The great Chinese insurance rush
Socio-economic and demographic factors push consumers and investors toward the protection business
Zhang Fanyi, a 35-year-old primary school teacher in Shanghai and mother of a five-year-old boy and an infant, recently spent 23,000 yuan ($3,480) on insurance policies for her family.
The investment was triggered by an incident. “One of my mother’s close friends fell sick and she could barely afford the treatment, From then on, I was thinking about insurance. Also, as my children grow up, we’ll travel frequently, so insurance is necessary,” said Zhang.
She is one of millions of Chinese who are spending more than ever on insurance these days. With aging people marking the society, healthcare, education and assetbuilding have become important; so have life and non-life insurance products, said analysts.
A research note from Northeast Securities said internet-based distribution channels enable insurance buyers to obtain more information about the products they would like to buy, and consumers have more trust now. Demand for life insurance has surged among families with aging parents and young children. At the same time, upgraded consumption, rise in disposable incomes and mounting wealth have also pushed up demand for non-life insurance.
The fast-expanding insurance market has attracted not only more consumers but investors.
About 200 companies have expressed interest or sought license to set up an insurance company, according to data of the China Insurance Regulatory Commission.
In the last year, more than 10 companies have been given approval to obtain insurer’s license. These 10 are backed by more than 70 companies, including Tencent, the Shenzhen-based technology giant, and Fosun, a Shanghai-based investment group.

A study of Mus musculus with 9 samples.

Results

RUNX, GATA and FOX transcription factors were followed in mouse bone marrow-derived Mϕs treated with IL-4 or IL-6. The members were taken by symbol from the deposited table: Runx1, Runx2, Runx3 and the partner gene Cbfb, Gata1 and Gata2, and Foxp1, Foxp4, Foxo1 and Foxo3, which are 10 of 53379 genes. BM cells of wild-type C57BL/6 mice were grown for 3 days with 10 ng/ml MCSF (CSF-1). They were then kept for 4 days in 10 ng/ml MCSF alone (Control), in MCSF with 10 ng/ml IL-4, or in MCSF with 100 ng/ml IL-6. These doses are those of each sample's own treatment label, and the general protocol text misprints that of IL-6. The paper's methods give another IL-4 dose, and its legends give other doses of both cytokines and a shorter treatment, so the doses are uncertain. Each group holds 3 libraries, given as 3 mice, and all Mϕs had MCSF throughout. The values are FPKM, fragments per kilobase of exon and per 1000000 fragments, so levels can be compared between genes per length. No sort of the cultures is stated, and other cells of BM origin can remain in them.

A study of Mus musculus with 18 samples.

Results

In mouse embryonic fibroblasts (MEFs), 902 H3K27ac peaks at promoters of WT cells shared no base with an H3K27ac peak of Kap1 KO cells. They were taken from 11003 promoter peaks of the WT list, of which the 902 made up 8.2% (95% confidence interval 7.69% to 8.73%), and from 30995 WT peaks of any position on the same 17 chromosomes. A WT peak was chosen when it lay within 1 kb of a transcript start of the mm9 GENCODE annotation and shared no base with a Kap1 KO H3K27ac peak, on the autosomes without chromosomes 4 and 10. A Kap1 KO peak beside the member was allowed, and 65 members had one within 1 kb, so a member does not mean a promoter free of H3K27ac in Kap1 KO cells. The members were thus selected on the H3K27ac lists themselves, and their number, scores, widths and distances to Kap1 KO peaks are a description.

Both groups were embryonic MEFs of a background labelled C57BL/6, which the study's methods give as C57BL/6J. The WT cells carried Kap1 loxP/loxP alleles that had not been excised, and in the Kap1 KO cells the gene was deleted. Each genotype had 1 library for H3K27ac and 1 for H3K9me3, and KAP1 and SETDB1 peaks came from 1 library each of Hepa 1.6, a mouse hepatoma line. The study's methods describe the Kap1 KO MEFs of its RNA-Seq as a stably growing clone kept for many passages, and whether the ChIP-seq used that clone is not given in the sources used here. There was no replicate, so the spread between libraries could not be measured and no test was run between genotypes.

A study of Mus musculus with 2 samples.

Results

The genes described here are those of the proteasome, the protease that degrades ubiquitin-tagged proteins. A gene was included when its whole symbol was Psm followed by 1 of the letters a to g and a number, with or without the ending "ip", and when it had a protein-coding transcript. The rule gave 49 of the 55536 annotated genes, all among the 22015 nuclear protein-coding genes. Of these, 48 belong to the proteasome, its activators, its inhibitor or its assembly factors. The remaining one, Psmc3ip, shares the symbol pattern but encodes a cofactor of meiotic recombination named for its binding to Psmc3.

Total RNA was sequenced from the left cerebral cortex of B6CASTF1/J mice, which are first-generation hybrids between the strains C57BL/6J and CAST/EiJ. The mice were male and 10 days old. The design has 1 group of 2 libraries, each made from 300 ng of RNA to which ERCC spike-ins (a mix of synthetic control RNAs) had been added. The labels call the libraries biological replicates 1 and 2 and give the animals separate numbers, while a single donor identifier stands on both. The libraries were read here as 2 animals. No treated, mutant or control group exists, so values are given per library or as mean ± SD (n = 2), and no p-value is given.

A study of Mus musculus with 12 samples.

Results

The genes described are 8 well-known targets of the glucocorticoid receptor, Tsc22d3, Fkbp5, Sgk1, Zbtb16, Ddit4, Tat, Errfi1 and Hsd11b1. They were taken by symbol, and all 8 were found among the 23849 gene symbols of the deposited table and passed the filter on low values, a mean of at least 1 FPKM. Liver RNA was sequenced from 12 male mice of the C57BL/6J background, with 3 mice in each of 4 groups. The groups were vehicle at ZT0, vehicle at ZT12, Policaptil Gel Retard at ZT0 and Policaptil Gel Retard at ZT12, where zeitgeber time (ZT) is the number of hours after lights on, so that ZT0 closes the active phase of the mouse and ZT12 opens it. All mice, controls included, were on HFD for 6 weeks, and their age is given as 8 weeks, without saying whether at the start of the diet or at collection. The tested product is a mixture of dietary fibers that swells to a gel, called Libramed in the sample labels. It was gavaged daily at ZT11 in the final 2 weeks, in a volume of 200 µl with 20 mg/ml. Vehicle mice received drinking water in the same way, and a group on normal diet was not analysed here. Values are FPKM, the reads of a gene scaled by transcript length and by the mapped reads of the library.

More than 200 applicants are keen to apply for license, according to Xiang Junbo, chairman of the CIRC.
From garment makers to liquor firms, various enterprises are backing new insurers.
“Profits of insurers are much higher than that in many sectors. Getting an insurer license is like securing a guaranteed profit. An insurer can raise funds easily by selling insurance at a cost much lower than many other fundraising channels. It is not a secret that an insurance company serves like a deep pocket from which companies can easily draw funds,” said Yang Di, researcher with Shanghai Shenda Asset Management Ltd.
According to CIRC data, total assets of China’s insurance industry have more than doubled from 5 trillion yuan in 2010 to 12 trillion yuan in 2015.
In the first half of 2016, life insurers’ premiums reached 1.176 trillion yuan, up 50 percent year-on-year, and property insurers’ premium reached 463.2 billion yuan, up 8.5 percent. Overall premiums grew 37 percent year-on-year.
But authorities have warned that overly fast growth of insurers’ income should not tempt companies to misuse the funds or deploy them in unrelated channels.
In a recent meeting, CIRC’s Xiang said insurers must stick to their original plan of providing protection to insurance buyers and should not divert funds to non-insurance businesses. He said insurer licenses are not tools to access low-cost funds.
The entry of new insurers is expected to intensify competition in the market and sharpen focus on product development and solvency capacity management, said analysts.
Ding Wentao, a researcher with Sinolink Securities Ltd, said, “We estimate that the fast growth of premium income will last for another decade. Internet-based sales channels, and growing number of niche markets will provide more opportunities for the newcomers than ever. Insurers that develop products for specific needs of buyers, and have a strong capacity to manage risks and solvency, are more likely to win.”
are keen to apply for insurance business license, according to Xiang Junbo, chairman of the CIRC
A man passes by the billboard of New China Life Insurance Co at an insurance fair in Beijing.
A visitor checks his cellphone at the gate of the China Insurance Regulatory Commission.